The following is a totally unsolicited (but most welcome) guest post from my coworker, who just started her first week back from maternity leave and already has some things to get off her chest about working motherhood. I say, bring it on! — Susan
By Jacquelyn Baker
Full disclosure, I am now a working mom for the first time. My first child is 12 weeks old and today marks my third day back at work. So far, I have learned A LOT about what it means to be a working mom. I always “knew” it would be hard and a ton of work. But now that I am actually living it, I am starting to see the gaps that exist in modern society today that would make this whole daycare kid/working mom thing better.
Why doesn’t my daycare center have a wonderful coffee station set up in their lobby for moms (or dads) to fill up as they run out the door after drop off? I pay a lot of money to this place. The least they could do is offer coffee!
I fully recognize that I pay these people a small fortune to care for my child and educate him while I am away at the office, not to make my coffee. But, c’mon! Before Lil Dude came along I had a flawless system. Pop my little K-cup into the brewer, add my favorite flavored creamer to my travel mug, and off I went. My coffee was hot enough to drink all the way to the office. Perfection.
Now, after a 20-minute detour to the daycare center, my delicious morning coffee is cold before I hit the highway. All I am asking for is a little coffee station in the daycare lobby to remedy this problem. I don’t think that is unreasonable.
I understand that the lovely teachers and staff at my son’s daycare have lives and probably families of their own to get home too each night. But, so what? This is about my problems!
All daycare centers should be required by law to stay open until 6:30pm. Every one near my house closes at 6:00pm. For those of you suburbanites who work in the city like me, you know rush hour traffic makes a 6pm pick up virtually impossible. Until flying cars or teleportation become the norm I say we rise up and fight for 6:30pm closing times. Getting there on time practically takes an act of Congress, so why not make Congress act and make this 30-minute extension a law?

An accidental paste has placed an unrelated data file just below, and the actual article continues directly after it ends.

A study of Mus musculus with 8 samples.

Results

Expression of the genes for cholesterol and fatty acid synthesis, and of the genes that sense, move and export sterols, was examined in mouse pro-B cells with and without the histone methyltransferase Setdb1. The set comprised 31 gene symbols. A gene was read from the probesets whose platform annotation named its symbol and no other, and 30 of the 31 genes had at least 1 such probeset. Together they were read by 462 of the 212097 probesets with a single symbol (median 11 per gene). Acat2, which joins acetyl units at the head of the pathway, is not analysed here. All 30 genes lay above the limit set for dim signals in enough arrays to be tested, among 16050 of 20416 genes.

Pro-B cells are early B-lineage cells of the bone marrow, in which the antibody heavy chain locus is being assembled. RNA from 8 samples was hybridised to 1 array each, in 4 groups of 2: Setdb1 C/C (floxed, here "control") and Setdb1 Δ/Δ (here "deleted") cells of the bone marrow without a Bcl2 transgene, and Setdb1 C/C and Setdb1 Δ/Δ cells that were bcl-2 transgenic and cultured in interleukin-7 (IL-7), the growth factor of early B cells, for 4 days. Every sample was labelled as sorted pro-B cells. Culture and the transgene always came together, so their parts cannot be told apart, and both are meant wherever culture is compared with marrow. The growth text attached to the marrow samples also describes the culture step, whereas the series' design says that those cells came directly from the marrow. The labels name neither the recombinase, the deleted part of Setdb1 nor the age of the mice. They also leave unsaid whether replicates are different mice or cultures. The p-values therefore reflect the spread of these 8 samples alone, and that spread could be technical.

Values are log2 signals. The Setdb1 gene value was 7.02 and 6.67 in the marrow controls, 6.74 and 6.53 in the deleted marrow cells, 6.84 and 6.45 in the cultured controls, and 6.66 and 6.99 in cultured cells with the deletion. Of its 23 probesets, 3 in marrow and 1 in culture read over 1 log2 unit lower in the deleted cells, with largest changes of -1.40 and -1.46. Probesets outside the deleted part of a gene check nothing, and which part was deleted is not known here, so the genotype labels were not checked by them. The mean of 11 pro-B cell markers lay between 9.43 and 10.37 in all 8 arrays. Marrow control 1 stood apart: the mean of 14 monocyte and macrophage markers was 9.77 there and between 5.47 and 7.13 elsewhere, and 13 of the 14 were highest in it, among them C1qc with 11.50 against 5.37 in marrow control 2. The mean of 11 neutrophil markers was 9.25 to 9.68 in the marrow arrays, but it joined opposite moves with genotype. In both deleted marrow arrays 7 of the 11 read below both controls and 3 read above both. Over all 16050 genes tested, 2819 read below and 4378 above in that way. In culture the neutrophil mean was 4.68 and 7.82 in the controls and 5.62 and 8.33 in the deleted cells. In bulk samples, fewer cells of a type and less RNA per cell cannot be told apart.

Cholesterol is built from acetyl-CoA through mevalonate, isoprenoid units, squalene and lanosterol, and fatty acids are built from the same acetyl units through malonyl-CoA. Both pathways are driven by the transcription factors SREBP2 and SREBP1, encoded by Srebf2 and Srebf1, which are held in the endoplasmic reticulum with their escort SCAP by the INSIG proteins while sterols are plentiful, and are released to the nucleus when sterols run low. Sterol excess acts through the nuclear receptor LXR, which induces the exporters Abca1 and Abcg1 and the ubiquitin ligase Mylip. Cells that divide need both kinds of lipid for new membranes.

I am convinced whoever designed these damn car seat carriers was not in charge of drop-off at daycare. I am sure these things are designed to be sturdy and strong in a crash, but this is ridiculous. My carrier weighs 23 pounds by itself. When you put my son in it, now it weighs 38 pounds! I am supposed to lift this out of the car, carry it through the halls of my daycare center, while in hurry to get to work, while carrying his bag of bottles and stuff for the day, while holding my car keys, and while WEARING HEELS!
I feel like I have shin-splints right now from 3 days of daycare pick up and drop off in heels. At this rate, that stupid carrier is going to throw my back out or kill me within a month. I have fantasies of wanting to punch the person who dreamt up this little gem and decided a 23-pound carrier was a good idea.
These are my primary grievances for week one of being a working mom. I’m sure there are more, but these three really rise to the top for me.
I can’t be the only person struggling with these annoyances of life. Three days into this new adventure and I have come to the realization that our culture needs help. We need to support working parents better with small luxuries like hot coffee, extended daycare hours, and baby carriers that don’t weigh more than our kids.
Jacquelyn Baker is a wife, mother, career marketer, and all-around bad ass. She spends her time raising her adopted son, running the household, and closing deals at the office. All of this gets accomplished every day with full make-up, high heels, and a lot of sarcasm.